Nigeria has indefinitely suspended Twitter two days after the social media giant temporarily froze the account of the nation’s president, sparking a torrent of Internet outrage in Africa’s most populous country.
Mohammed condemned “the persistent use of the platform for activities that are capable of undermining Nigeria’s corporate existence,” according to a statement from Segun Adeyemi, special assistant to the president.
Officials did not provide further details.
“The announcement made by the Nigerian Government that they have suspended Twitter’s operations in Nigeria is deeply concerning,” the company said in a statement, adding that it would investigate.
On Wednesday, Twitter removed a post by Nigeria’s president, Muhammadu Buhari, that vowed to punish separatists in the nation’s southeast whom authorities have blamed for attacks on federal property.
“Many of those misbehaving today are too young to be aware of the destruction and loss of lives that occurred during the Nigerian Civil War,” wrote Buhari, a retired general, referring to the 1967-1970 conflict. “Those of us in the fields for 30 months, who went through the war, will treat them in the language they understand.”
The social media platform said Buhari’s tweet violated its “abusive behavior” policy, removed the post and suspended his account for 12 hours.
Twitter is massively popular in Nigeria. Rumors swirled this year that chief executive Jack Dorsey, who paid a high-profile visit to the country in 2019, would open an Africa office there before the tech firm landed in Ghana.
Nigerian activists have harnessed the platform to fuel major protest movements — including #EndSARS, which led to the end last year of a police unit that human rights groups called abusive.
Amnesty International’s Nigeria arm criticized the ban in a tweet Friday, saying that Twitter is “widely used by Nigerians to exercise their human rights.”
SERAP, a human rights law nonprofit group in Lagos — Africa’s largest city, with an estimated 20 million inhabitants — pledged to sue the government.
“Nigerians have a right to freedom of expression and access to information including online,” the group tweeted, “and we plan to fight to keep it that way.”
Shortly after the announcement, the Federal Ministry of Information and Culture, which spread the suspension news on Twitter, saw its own account flooded with replies. Many users blasted the irony.
“Using @twitter to announced the suspension of its operation in Nigeria on its platform. Are you alright???” wrote one user.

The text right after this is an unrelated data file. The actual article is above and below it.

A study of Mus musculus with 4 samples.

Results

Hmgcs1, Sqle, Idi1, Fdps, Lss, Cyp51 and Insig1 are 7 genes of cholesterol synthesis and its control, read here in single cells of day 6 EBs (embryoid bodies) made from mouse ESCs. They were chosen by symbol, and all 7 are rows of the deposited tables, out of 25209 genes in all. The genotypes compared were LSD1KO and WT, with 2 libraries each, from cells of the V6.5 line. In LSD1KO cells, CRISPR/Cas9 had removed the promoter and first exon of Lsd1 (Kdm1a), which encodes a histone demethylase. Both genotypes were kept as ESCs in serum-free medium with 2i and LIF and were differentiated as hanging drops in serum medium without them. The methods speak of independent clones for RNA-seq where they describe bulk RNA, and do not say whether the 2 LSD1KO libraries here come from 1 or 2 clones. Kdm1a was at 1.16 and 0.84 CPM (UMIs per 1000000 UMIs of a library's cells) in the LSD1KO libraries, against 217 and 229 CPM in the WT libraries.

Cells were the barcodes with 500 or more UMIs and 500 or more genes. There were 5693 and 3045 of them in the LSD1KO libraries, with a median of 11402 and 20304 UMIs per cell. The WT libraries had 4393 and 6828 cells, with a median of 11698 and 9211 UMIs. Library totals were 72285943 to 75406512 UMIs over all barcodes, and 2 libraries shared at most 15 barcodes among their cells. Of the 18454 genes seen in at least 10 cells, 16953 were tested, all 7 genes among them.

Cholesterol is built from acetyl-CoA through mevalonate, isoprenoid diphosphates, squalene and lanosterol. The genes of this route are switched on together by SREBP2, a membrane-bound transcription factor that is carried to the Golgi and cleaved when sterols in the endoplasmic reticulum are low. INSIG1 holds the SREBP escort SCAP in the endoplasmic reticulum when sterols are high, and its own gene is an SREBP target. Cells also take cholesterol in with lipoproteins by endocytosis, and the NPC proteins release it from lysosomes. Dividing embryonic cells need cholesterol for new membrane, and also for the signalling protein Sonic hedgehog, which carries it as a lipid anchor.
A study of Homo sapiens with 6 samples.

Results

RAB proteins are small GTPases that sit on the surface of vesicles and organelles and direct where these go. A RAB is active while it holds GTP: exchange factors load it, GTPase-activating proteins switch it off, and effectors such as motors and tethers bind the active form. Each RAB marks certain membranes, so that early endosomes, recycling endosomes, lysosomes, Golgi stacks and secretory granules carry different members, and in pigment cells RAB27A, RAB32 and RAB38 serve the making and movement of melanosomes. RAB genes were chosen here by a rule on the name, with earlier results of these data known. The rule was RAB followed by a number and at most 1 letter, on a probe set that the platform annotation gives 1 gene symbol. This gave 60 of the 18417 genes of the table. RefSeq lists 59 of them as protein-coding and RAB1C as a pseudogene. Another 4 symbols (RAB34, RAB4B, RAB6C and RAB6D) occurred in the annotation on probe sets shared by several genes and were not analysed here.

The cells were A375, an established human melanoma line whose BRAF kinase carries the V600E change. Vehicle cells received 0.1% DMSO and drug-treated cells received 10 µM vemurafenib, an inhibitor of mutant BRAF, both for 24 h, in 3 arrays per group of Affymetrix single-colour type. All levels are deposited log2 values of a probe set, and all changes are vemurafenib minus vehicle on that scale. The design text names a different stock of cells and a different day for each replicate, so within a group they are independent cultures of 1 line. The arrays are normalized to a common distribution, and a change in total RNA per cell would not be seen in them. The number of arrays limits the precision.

Others shared more lighthearted takes.
“Maybe now that [the federal government] has banned Twitter in Nigeria, I can finally get off my phone, focus on school and get a job,” one user wrote.
And Nigerians continued to tweet into the evening. One prolific poster was JJ Omojuwa, a podcast host in Lagos who has 1 million followers.
“It’s a disaster,” he said. “It’s a tragedy that the government would even think to do something like this rather than focus on real problems.”
In recent months, attackers in Nigeria’s southeast have ambushed police stations and government buildings, killing several officers and civil servants.
Authorities have pinned the escalating violence on the Eastern Security Network, an armed group that emerged from a secessionist movement called the Indigenous People of Biafra.
For two and a half years in the late 1960s, separatists in the region fought to split from the government and form a new state, Biafra.
Between 500,000 and 3 million people died on the Biafran side, researchers estimate — many from hunger. The Nigerian military faced accusations of war crimes after blocking food supplies for civilians.
Buhari, who took office in 2015, led troops during the conflict. The president has promised to tame the nation’s security challenges, but lately unrest has deepened on multiple fronts.
Kidnapping has become endemic, researchers say, as armed groups have increasingly abducted people, including groups of schoolchildren, across the countryside for ransom.
Extremist groups in the northeast — Boko Haram and an offshoot loyal to the Islamic State — continue to dominate villages, collecting taxes and recruiting children.
And armed groups have committed massacres recently in the country’s central croplands, according to local media outlets, as farmers and herders clash over territory disputes.